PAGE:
Public Art

The Callenger Learning Center of Tallahassee is fortunate to have the opportunity to display incredible art from local artist. See our current exhibits below.

The Treasured Dark Skies of Florida’s Forgotten Coast 

We are excited to partner with local photographer and architect, Kathryn Stivers, to bring you a beautiful new art exhibit outside of our Planetarium theater. The exhibit, Treasured Dark Skies of Florida’s Forgotten Coast, highlights Stivers’ astro-landscape photography. This technique uses long exposure to capture earthly foregrounds against the backdrop of the cosmos.

See more of Kathryn’s work here: 

The Challenge of Space

The artwork, “The Challenge of Space” located on the outside of the Challenger Learning Center Planetarium was created by Gregory M. Gomez with funding from Florida’s Art in State Buildings Program. The work features 400 bronze cast elements designed to reflect the Earth’s land masses, rocket launch trajectories, and equations for calculating escape velocities and geosynchronous orbits.

Featured Equations:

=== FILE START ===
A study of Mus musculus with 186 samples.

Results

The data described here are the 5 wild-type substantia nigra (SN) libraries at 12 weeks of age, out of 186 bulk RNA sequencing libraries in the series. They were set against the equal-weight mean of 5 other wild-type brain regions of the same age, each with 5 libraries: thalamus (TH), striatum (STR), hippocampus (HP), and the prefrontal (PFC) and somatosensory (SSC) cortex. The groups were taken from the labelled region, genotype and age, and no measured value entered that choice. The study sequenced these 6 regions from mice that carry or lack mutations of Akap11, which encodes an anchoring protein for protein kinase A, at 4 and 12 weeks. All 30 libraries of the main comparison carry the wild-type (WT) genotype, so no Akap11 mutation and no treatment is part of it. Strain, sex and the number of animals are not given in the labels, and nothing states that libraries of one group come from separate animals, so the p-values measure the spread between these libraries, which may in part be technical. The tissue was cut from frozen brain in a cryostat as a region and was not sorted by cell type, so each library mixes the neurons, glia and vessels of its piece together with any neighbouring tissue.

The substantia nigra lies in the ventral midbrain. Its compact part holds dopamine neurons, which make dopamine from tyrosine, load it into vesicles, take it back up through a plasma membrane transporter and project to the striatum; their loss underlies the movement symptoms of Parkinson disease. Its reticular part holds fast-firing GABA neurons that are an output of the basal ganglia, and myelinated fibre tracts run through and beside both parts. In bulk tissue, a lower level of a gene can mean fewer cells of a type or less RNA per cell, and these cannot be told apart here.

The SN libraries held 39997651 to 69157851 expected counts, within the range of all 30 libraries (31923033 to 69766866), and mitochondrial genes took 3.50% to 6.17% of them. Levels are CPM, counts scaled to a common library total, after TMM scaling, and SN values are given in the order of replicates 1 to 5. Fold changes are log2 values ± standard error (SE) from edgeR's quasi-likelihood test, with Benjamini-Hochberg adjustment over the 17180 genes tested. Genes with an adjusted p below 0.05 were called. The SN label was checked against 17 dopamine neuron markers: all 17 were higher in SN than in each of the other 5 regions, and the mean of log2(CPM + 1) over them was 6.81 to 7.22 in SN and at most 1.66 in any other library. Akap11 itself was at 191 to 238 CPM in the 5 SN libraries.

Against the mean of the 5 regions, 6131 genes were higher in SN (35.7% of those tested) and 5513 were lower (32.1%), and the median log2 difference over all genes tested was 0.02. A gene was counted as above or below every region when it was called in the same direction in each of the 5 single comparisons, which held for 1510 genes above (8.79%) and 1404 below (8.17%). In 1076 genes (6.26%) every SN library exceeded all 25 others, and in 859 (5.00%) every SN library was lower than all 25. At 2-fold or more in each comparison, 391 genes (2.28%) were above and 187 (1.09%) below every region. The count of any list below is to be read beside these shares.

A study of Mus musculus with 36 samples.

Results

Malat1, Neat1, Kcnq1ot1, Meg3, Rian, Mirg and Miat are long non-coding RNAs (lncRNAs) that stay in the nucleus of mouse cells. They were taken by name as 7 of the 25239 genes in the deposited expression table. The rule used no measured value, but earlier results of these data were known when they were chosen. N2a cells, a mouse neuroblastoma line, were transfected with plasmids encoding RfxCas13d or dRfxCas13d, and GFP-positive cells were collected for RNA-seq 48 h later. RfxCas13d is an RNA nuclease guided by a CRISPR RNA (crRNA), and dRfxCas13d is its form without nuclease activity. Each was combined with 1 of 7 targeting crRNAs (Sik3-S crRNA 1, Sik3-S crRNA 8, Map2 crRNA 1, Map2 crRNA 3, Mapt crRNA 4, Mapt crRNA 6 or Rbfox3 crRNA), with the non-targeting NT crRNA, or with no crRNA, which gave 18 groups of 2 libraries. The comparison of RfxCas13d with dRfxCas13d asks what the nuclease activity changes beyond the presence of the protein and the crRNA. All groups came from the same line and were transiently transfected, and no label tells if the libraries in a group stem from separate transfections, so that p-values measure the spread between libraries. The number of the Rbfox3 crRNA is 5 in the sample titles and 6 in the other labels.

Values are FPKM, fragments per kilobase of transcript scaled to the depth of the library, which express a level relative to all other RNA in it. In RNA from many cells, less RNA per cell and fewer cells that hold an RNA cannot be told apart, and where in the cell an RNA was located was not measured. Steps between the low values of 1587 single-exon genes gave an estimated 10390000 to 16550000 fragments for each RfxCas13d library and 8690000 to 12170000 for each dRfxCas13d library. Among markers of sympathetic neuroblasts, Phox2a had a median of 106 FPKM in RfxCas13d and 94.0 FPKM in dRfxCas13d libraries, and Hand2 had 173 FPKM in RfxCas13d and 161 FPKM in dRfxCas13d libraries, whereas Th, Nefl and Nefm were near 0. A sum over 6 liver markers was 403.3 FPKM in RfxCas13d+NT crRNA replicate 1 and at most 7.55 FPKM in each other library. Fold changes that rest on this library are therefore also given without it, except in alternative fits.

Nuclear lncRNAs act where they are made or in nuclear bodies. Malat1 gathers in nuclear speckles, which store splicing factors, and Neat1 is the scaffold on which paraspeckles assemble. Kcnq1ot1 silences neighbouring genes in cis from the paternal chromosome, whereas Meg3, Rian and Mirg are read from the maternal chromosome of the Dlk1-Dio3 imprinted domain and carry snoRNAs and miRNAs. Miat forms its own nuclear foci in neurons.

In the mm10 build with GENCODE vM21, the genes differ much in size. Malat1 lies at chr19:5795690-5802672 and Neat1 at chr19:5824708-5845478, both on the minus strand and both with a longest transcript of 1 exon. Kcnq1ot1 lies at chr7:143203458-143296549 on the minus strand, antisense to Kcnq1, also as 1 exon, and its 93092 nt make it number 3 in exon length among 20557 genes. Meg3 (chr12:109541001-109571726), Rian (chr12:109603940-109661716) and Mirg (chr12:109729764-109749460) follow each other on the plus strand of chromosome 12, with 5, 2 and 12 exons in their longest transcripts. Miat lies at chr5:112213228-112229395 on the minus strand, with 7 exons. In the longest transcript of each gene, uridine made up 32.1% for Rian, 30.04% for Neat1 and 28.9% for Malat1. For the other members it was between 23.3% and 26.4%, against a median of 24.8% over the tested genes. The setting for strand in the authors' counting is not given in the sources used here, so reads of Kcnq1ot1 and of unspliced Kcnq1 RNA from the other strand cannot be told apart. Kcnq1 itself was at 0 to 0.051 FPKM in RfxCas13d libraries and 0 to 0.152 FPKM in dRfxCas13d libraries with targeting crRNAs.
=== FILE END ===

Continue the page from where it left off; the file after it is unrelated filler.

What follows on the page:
Escape Velocity takes into account the mass of an object (m) and the radius of the surface of the planet (r), then by accelerating the object to the escape velocity (v) it will leave the gravitational field of the planet and continue out to infinity. The equation reads: v=2G m/r = 25,000 mph.

Force and Acceleration applies a force (F) to to any object of mass (m) and causes the object to accelerate (increase its velocity) at a value (a). F=m a, F = mR (Newton’s 2nd)

Force of Gravitation – Any two objects are attracted by a force (F) determined by the masses of the objects (m1 and m2) and the square of the distance between them (d2). I the distance of them is doubled, the force between them is one-quarter. F=G m1 m2 /d2.

Kepler’s 3rd Law – The period (T) of a satellite orbiting a planet is related to the radius of the orbit (r). r3 / T2=constant.

Acceleration caused by thrust – Given a constant thrust of a rocket (T) which has a mass (m), then it will attain an acceleration (a) when leaving the planet’s surface. a=(T-m g) / m (Goddard).

Orbiting Velocity – For any satellite orbiting a planet, the orbital period and the velocity depend only on the radius of the orbit. The International Space Station has an orbital period of 96.7 minutes and a velocity of 17,400 mph. v=2 pr/T

To see more public art in downtown Tallahassee take the downtown public art walk curated by the Council on Culture and Art at

Funding and sponsorship from the Council on Culture and Arts

Brief History of Space Exploration

In our dedication to honoring the milestones of space exploration and heralding the latest advancements, we present a curated timeline delving into a concise history of our ventures beyond Earth. Although not exhaustive, this timeline serves as an initial journey for students and families alike to witness the remarkable strides humanity has taken in our exploration of the cosmos.